In so many ways this production of Shakespeare’s seminal retelling of the beginning of the “War of the Cousins” (or Roses if you will) is unique.

Firstly, being a production performed entirely by women of colour is a first for the English stage. Secondly, having so many cultures incorporated into the performance and costumes, meant that there is immediate and welcome resonance with the multi-cultural audience, recognising the west African prostration of the Dobale (when one lays down flat on the ground before an elder to greet them), or the Hindu salutation of Charan Sparsh (reverently touching the feet of an elder and then one’s head to convey respect). Thirdly, having the actress/director Adjoa Andoh take on the titular role; being the co-director of this piece alongside artistic director of the Bush theatre, Lynette Linton (Sweat, Hashtag Lightie), gave the piece a true intimacy that was not created by chance, but by virtue of the talent onstage and the superb way in which Andoh had to approach not just the role, but the whole production.

Really, Andoh and Linton should be extremely proud of what they have created. The cast, for the most part, were excellent, each digging into a real power and truth which came from themselves and their heritages, meaning that the frustrated Duke of York (Shobna Gulati), uncle to both parties vying for the crown, had as much power and spell in her performance as the righteous Henry of Bolingbroke, (Sarah Niles) spurred to rebellion, initially and unfortunately, by her love for her country and her reverence for the crown, or the subtle Aumerle (Ayesha Dharker) whose quiet strength was the fuel for her king, but yet, had this ability to have snake-like characteristics, so that one was ever fully sure if one trusted her.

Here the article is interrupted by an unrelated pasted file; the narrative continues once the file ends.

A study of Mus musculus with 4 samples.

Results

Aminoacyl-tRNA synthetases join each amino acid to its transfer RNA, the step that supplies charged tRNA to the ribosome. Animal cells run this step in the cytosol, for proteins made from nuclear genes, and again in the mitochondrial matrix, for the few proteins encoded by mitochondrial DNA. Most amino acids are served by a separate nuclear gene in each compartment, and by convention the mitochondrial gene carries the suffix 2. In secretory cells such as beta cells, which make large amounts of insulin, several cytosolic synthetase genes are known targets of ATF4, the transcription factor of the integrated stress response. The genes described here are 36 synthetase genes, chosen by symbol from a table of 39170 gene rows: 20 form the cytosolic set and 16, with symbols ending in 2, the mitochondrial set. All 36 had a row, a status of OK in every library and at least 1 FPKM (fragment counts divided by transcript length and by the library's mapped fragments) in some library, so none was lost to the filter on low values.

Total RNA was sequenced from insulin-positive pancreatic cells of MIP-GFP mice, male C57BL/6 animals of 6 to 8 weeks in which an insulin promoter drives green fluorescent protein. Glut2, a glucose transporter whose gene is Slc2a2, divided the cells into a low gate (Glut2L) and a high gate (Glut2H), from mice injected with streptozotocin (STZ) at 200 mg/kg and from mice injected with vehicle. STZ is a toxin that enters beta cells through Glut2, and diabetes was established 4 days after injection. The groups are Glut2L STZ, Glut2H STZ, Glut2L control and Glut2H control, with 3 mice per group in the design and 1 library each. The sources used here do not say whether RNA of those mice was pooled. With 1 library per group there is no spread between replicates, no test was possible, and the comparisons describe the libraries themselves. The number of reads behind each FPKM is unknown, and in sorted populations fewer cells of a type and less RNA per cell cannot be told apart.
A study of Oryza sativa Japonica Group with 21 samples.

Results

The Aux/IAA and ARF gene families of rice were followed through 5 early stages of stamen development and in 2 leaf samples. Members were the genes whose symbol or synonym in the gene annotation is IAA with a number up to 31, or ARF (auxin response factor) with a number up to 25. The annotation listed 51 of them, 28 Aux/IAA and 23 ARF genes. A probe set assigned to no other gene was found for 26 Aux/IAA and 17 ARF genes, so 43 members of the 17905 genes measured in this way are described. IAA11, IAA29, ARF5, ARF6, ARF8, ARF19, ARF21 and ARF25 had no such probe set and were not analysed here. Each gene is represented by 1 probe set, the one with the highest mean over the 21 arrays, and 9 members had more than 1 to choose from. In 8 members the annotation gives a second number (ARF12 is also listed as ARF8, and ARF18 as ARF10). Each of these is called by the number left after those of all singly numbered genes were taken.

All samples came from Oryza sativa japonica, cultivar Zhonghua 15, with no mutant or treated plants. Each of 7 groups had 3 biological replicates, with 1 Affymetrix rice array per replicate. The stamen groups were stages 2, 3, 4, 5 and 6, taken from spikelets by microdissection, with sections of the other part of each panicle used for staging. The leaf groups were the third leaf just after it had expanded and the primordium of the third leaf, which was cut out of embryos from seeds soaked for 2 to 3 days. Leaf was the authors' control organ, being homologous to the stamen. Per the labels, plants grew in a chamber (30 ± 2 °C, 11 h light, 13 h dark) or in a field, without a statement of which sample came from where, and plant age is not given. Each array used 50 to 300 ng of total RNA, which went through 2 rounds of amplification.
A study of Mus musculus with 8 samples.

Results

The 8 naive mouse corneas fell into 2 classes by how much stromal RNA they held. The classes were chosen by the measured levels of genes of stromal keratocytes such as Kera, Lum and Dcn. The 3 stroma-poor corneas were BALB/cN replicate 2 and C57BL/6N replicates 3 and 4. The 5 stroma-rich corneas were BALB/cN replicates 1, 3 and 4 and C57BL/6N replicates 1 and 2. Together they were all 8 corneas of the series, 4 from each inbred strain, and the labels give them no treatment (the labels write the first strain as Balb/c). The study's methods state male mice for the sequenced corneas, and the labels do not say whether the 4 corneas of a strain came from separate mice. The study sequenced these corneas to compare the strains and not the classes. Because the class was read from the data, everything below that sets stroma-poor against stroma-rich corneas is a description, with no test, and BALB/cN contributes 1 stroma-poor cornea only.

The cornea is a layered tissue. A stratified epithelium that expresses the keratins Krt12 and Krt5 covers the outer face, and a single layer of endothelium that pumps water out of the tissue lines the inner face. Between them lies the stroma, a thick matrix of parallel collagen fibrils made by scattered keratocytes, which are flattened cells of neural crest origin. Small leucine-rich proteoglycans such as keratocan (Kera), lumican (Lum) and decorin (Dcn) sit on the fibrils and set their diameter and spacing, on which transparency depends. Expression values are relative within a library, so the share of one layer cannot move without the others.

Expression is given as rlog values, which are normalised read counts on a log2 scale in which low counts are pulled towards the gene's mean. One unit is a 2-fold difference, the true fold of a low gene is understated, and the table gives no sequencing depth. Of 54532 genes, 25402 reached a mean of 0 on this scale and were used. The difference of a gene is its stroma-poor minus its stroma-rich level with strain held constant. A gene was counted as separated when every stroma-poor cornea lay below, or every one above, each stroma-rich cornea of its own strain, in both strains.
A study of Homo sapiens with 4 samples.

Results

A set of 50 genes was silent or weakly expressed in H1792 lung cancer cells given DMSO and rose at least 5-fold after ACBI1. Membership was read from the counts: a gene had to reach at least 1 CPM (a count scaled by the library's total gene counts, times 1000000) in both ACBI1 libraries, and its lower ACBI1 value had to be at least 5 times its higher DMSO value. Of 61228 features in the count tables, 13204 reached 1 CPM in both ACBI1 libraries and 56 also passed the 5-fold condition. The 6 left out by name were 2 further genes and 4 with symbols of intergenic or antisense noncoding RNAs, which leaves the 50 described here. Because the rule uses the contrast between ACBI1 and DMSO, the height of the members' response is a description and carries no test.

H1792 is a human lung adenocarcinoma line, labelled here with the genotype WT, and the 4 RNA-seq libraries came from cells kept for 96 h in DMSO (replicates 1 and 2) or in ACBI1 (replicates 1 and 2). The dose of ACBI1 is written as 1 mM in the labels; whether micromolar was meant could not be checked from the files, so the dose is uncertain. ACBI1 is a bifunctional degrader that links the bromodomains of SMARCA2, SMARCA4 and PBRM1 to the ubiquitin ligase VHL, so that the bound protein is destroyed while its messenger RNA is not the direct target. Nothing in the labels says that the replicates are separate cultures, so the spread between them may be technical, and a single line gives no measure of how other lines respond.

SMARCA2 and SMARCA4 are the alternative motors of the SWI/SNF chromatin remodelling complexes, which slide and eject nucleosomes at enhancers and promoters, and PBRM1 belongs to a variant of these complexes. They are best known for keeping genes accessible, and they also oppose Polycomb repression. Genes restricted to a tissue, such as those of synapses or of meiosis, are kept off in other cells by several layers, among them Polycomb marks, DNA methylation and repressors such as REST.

Nobody however, was able to outshine Andoh as Richard II. Extremely nuanced she physically embodied her character in such a way that, where she to have gone off script, I would have had no idea, as she won herself the ability, through her performance, to go anywhere she wanted with the character. We, as the audience, were her happy captives.

The other two aspects of this production, which took me were the lighting and costume design. Apart from a subtle tint of backdrop, the entire stage and auditorium were lit by candles which again, gave support to this intimacy that pervaded the whole show. We were in the castle halls with the cast as intrigue unfolded, as lives were wrecked and corruption overturned. The costumes, I believe, were drawn from the cultural backgrounds of the women in the cast, having West African, Egyptian and Asian influences that worked in tandem with each cast member lending power to each performance in a way I have never seen. Cleo Maynard and Rianna Azoro really must be highly commended for their work which added literal and metaphorical texture to this beautiful production.

For its novelty alone, this play is worth seeing. Combine the relevant context of modern day England divided, by asking the question, “Who does England really belong to?“along with the electric performance of Adjoa Andoh and the riveting capacity of the whole show, you have a winner.


Richard II runs at Shakespeare’s Globe until April 21st. Find out more and book your tickets here.